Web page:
Environmental systems that precipitate dust and carbon particles frequently use high-voltage dc power supplies. However, failure of high-voltage components caused by a change in their properties over time can create a large drop in voltage that prevents the system from working properly, causing severe air pollution.
|Figure 1.||As shown, the dc high-voltage drop detector/undervoltage alarm uses an LED for a visible
indication, but the LMC555/TLC555 can also be connected to a speaker for an audible alarm.
The circuit in the Figure 1 lets system operators know in advance whether the high-voltage supply is functioning well enough to keep the precipitator mechanism working. It draws very little current from the high-voltage dc supply through R1, a high-voltage device with a value of 100 MΩ or more. R1 and R2 are chosen to provide a safe operating voltage of 12 V across R2:
where HV is the dc high-voltage potential, R1 is the current-limiting resistor, and R2 is the potential-forming resistor.
If the supply’s voltage suffers a voltage drop, the voltage across R2 will drop also, reducing the voltage to the base of transistor Q1. That turns on Q1, which also starts IC1, an LMC555/TLC555 oscillator. Typically, the designer can set the maximum frequency using R3, R4, and C1 to about 10 kHz. IC1’s frequency will vary from 0 Hz for a safe operating high voltage to the 10 kHz maximum for a failed high-voltage supply, with lesser frequencies for lower voltage drops.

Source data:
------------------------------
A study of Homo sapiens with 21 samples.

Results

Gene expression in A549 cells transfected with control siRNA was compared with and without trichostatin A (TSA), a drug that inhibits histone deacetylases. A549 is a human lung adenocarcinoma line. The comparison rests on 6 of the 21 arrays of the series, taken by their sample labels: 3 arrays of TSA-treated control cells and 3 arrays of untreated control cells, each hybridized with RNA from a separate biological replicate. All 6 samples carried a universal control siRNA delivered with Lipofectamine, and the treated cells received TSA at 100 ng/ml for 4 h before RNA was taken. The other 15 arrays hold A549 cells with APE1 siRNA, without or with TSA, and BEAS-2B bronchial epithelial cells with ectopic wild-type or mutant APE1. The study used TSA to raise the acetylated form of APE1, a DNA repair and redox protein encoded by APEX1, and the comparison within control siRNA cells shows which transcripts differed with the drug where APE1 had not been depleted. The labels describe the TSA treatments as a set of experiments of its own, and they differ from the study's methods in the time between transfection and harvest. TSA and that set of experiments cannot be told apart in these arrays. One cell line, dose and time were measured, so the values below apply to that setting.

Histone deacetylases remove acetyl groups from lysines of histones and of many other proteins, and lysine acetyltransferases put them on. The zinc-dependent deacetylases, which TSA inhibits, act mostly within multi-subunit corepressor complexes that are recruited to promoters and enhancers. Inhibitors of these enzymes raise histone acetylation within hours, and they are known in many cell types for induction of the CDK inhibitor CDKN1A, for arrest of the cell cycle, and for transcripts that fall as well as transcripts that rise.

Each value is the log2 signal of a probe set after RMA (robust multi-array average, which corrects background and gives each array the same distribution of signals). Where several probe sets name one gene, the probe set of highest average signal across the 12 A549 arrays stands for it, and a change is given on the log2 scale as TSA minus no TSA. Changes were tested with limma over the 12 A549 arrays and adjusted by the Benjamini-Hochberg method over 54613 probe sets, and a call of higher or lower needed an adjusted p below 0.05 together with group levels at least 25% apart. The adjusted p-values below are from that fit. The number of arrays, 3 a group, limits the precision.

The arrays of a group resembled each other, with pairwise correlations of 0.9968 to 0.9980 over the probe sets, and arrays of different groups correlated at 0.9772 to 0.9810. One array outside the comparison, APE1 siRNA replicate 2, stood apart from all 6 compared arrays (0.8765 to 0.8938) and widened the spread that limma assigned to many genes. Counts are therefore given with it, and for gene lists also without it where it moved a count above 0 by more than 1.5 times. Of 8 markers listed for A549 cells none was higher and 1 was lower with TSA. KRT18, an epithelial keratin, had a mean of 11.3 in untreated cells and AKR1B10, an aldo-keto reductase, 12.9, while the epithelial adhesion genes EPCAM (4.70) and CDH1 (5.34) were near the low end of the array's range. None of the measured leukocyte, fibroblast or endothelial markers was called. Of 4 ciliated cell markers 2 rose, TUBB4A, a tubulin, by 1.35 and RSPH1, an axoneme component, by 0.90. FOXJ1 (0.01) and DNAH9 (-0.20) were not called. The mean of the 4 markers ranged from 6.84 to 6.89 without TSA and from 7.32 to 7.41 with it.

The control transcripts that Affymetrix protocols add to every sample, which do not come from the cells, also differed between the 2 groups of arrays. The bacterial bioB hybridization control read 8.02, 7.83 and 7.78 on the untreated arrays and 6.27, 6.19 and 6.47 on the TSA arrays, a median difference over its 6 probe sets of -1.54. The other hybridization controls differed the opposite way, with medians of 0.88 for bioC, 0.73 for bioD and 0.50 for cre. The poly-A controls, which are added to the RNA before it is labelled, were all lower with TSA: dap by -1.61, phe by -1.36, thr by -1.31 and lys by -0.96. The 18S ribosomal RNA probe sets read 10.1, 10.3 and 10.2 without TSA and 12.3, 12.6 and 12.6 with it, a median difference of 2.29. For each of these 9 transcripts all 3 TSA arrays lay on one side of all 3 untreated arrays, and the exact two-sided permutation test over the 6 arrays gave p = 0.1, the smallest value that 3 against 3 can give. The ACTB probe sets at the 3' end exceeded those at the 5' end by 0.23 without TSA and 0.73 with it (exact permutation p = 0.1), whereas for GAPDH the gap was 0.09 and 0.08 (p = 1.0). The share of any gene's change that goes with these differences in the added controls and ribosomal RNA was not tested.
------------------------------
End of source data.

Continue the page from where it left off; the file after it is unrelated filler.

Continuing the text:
The 16-V zener diode protects Q1’s base from excessive voltage. Designers can use a 12-V zener to match the operating voltages exactly, but the 16-V diode adds a 4-V margin of flexibility in the operating voltage. It is easy to optically isolate the frequency output.
The circuit can run off a standard 12-V battery, but the IC’s operating voltage should not exceed 16 V or the oscillator will give a false alarm for a high-voltage failure. The circuit’s minimum operating voltage is 3 V dc. The current-control resistor for the alarm LED depends on the circuit’s operating voltage and the LED’s maximum current. Normally, 470 Ω is used.
The low-cost, industrial-standard LMC555 IC was an excellent choice for this circuit. It’s easy to transmit a pulsed signal on a phone line. The device’s ac output also permits isolation with an audio transformer. Additionally, the designer can connect the LMC555 to a speaker for an audible alarm.